Alexie, Ruskovich among the winners at the Pacific Northwest Book Awards
Two authors from the Inland Northwest are among the winners of the 2018 Pacific Northwest Book Awards.
Emily Ruskovich, who grew up near Athol, won for her debut novel, “Idaho.” Sherman Alexie, a National Book Award winner who grew up on the Spokane Indian Reservation in Wellpinit, took a prize for his memoir of his late mother, “You Don’t Have to Say You Love Me.”
In her novel, Ruskovich – now on the faculty at Boise State University’s creative writing graduate program after teaching for several years at the University of Colorado in Denver – weaves an opaque tale about memory and loss and mystery. The story is set in North Idaho and centers on Ann, who strives to understand a mystery from her husband’s past, when his first wife murdered their daughter, and their second daughter went missing. It’s a challenging book in that there are no clear answers, but Ruskovich tells it in such a compelling way that, as the Washington Post noted in its review, “ ‘Idaho’ is a powerful and deeply moving book, an impressive debut that portends good, even great, things to come.”
Alexie, who lives in Seattle, is no stranger to accolades. In addition to his National Book Award – for his young adult novel “The Absolutely True Diary of a Part-Time Indian” – he won a PEN/Hemingway Award for his debut story collection, “The Lone Ranger and Tonto Fistfight in Heaven,” an American Book Award for “Reservation Blues,” and, most recently, a Washington Book Award for his children’s book, “Thunder Boy Jr.”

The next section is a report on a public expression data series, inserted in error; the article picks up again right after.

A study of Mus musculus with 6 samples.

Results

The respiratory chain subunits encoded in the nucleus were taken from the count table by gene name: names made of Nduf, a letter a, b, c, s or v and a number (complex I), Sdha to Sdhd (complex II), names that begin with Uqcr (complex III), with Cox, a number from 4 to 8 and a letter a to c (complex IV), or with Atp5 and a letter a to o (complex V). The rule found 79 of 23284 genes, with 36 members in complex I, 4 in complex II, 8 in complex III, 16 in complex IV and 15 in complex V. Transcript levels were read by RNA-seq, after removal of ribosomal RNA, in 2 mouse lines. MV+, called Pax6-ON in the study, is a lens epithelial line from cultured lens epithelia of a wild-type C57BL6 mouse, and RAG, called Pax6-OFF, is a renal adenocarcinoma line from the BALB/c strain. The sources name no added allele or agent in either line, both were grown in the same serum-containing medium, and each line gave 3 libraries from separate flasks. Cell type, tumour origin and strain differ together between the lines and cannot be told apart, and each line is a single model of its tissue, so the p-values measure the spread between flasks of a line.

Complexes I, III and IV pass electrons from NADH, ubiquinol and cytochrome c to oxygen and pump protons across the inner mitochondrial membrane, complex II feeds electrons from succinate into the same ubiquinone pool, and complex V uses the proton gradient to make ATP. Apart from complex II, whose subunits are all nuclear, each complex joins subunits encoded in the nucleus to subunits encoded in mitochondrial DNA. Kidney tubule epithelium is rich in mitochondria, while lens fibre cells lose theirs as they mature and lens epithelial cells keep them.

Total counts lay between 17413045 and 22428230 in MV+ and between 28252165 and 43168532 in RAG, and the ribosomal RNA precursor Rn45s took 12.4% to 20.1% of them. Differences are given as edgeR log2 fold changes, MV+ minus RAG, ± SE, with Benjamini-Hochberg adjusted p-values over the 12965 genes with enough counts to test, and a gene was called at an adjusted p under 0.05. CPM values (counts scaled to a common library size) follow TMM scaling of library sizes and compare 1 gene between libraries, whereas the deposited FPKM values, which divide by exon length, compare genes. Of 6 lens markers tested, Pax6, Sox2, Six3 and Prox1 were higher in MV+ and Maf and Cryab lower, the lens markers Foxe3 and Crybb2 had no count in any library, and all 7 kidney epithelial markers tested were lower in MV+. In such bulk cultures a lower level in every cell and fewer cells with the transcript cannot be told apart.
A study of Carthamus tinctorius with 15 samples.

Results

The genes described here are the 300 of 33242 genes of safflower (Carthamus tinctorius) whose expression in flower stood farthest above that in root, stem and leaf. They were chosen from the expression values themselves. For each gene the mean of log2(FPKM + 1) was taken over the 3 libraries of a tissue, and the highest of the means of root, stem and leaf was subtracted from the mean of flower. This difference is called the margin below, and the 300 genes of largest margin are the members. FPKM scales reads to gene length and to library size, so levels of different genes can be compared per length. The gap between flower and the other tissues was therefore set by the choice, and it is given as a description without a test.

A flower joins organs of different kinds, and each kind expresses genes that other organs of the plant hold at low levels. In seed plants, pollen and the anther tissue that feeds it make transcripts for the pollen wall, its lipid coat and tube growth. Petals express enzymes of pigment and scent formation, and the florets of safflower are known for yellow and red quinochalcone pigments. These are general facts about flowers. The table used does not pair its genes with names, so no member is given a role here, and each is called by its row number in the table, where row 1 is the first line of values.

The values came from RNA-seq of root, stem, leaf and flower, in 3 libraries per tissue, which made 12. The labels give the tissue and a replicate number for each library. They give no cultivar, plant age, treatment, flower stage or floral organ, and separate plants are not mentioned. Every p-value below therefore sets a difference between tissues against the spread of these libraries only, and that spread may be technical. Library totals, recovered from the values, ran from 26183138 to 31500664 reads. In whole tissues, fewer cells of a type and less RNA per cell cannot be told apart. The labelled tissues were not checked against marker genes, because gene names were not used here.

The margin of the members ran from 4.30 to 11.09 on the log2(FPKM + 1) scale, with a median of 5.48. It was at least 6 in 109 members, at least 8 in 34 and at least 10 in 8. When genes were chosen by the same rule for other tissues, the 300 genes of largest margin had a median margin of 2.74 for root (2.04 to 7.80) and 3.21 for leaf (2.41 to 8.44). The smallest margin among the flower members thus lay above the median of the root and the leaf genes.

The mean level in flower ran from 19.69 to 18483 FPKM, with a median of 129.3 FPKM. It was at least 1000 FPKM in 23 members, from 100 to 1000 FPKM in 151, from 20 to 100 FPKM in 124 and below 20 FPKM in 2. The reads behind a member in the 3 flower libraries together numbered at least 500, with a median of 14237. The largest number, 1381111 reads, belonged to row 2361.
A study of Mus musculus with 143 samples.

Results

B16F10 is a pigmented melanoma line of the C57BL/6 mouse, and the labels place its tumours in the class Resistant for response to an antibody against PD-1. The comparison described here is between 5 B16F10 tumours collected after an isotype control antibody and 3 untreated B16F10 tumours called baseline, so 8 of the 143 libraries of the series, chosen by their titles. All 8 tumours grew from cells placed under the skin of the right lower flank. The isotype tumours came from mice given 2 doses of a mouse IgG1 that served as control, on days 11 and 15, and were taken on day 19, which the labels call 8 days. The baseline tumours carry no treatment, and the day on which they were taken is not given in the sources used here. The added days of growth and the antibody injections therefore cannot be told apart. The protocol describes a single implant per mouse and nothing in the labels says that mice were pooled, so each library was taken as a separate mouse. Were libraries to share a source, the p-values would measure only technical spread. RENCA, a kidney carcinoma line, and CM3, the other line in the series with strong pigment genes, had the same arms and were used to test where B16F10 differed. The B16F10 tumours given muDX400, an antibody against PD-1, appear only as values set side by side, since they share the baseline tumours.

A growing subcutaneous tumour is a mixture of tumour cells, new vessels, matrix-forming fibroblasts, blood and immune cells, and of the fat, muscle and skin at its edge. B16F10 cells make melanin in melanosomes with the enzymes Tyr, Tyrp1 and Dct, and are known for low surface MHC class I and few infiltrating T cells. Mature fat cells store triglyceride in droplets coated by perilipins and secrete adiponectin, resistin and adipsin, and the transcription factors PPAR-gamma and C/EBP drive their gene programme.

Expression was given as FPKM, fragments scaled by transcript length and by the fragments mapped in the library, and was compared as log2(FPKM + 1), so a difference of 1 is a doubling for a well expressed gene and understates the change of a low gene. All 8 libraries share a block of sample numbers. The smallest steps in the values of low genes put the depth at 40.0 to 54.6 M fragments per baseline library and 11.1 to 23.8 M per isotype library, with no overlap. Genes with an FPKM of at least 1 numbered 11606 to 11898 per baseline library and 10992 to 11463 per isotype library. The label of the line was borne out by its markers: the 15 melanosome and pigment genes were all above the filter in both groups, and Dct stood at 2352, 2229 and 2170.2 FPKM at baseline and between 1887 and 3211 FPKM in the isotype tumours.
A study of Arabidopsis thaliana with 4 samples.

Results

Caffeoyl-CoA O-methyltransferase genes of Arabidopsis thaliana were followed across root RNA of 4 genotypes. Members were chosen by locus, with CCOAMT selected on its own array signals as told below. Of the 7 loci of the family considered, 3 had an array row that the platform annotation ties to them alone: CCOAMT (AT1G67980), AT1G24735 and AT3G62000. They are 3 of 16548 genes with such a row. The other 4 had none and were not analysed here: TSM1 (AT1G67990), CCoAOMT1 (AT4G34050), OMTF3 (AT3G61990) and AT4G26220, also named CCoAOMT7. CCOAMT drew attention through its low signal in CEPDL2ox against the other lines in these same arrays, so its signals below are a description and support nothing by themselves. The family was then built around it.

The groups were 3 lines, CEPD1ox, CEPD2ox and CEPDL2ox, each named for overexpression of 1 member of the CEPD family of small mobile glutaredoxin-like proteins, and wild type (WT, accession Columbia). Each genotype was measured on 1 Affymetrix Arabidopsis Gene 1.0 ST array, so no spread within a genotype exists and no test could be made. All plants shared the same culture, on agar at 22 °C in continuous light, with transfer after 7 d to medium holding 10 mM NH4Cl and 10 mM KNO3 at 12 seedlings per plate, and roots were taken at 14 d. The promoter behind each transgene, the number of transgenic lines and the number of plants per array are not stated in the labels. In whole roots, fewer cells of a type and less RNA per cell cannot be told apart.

His effective and affecting memoir tells the story of his relationship with his mother, Lillian, who died in 2015 shortly after being diagnosed with cancer. It’s about how difficult a woman she was, and yet how Alexie struggled in grieving her death. It made several end of the year lists, including a top 10 pick from the BBC and the San Francisco Chronicle’s best 100 books of 2017.
Other winners are “American War: A Novel,” by Portland writer Omar El Akkad; “The Book of Mistakes,” by Corinna Luyken of Olympia; “Dead Feminists: Historic Heroines in Living Color,” by Chandler O’Leary and Jessica Spring of Tacoma; “Tides: The Science and Spirit of the Ocean,” by Jonathan White of Orcas Island. The Indie Spirit Honor went to Brian Doyle, of Lake Oswego, who died last year. His books include the novels “Mink River” and “Martin Marten.”
The Pacific Northwest Book Awards, announced Tuesday, are presented by the Pacific Northwest Booksellers Association, a nonprofit trade association of independent book retailers in Alaska, Idaho, Montana, Oregon, Washington and British Columbia.